Daily Independent (Ashland, KY)

Local News

September 7, 2013

First Bark for Life a success for ACS

ASHLAND — By any measure the American Cancer Society’s first “Bark for Life” event on Saturday at Central Park was a howling success.

The event drew about 75 canines in a wide range of breeds and sizes and raised about $1,000 for cancer research.

“It has been really good. We’ve got more dogs than we expected,” said Andrea Arnett, community representative for the Boyd County ACS chapter. “We’re going to build on it make it bigger and better next year.”

Bark for Life is a fund-raising event done by many ACS chapters throughout the country. But Arnett said the Ashland event was the only one of its type within a 200-mile radius, which was one of the reasons the local chapter decided to do it.

Another, she said, is that cancer is a subject that often hits home with dog owners. Canines are susceptible to the disease, and “Any advancements in the treatment of cancer in humans applies to dogs as well,” she said.

Dogs also are often sources of comfort to owners suffering from cancer, Arnett said.

“There are a lot of benefits to having dogs as caregivers,” she said. “It’s very therapeutic.”

In addition to helping the ACS, the event provided dog owners with an opportunity to mingle, show off their animals and enjoy a fun time outdoors on a gorgeous, preautumn day.

“Anything to do with the American Cancer Society, we’re always willing to help,” said Ashland Joseph of Worthington, who attended with his 12-year-old daughter, Isabella; Charlie, his Shar Pei-Labrador mix; and Isabella’s two 7-week-old pug puppies, Annabelle and Barbara.

Joseph, who manages the Cannonsburg Walmart, said he and his daughter were strong supporters of the ACS and its mission because there was a strong history of cancer in his family. His sister died of the disease and his parents have both battled it, he said.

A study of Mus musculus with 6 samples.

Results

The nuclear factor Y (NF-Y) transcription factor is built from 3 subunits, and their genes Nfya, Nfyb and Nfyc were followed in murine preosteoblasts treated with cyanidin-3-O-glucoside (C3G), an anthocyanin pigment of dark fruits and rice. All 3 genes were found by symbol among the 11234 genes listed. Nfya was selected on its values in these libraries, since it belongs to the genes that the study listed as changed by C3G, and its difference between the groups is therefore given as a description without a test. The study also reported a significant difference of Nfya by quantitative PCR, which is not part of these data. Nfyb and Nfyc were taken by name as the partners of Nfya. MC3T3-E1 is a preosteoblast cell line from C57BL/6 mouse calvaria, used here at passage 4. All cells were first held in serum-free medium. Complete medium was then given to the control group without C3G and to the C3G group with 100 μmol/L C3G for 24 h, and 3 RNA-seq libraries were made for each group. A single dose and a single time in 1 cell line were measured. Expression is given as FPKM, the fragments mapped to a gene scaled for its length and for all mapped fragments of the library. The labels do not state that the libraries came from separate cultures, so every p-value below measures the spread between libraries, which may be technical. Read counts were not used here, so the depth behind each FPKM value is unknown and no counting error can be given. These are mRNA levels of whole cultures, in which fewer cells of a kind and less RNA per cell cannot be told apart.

One of Isabella’s pups, Barbara, received the award for smallest dog at the event. She carried both dogs in a basket during a parade lap around the park.

Another contender for the tiniest dog trophy was Sir Didymus, a miniature Dachsund owned by Amberly Hajipour of Wheelersburg. She said the 15-week-old pup only weighed a pound and a half.

She also explained the source of the dog’s rather unusual name: a character in one of her favorite movies, “Labyrinth” starring David Bowie.

Hajipour’s partner, Athena Sand, brought her two dogs, Diesel and Shadow. Diesel, she said, has a rather unusual talent: the ability to understand and obey commands given to him in American Sign Language.

“He knows back up, sit, stay, jump, a lot of different things,” she said.

Dale and Meg McKenzie of Ashland said Saturday’s event was special to them because Dale’s niece had died of cancer about a year ago at the age of 42 and they’d also lost one of their dogs, a boxer, to the disease.

The couple said they appreciated the opportunity to be able to support the American Cancer Society along with their two dogs, a French bulldog and a pug.

Dogs normally are not allowed in Central Park. To be able to have the event there, Arnett said the ACS had to promise the board the animals would be kept under control in the area around the bandstand and not be allowed to run free, and that owners would clean up any messes their dogs made.

The event came off without a hitch, with no reports of problems, she said.

KENNETH HART can be reached at khart@dailyindependent.com or (606) 326-2654.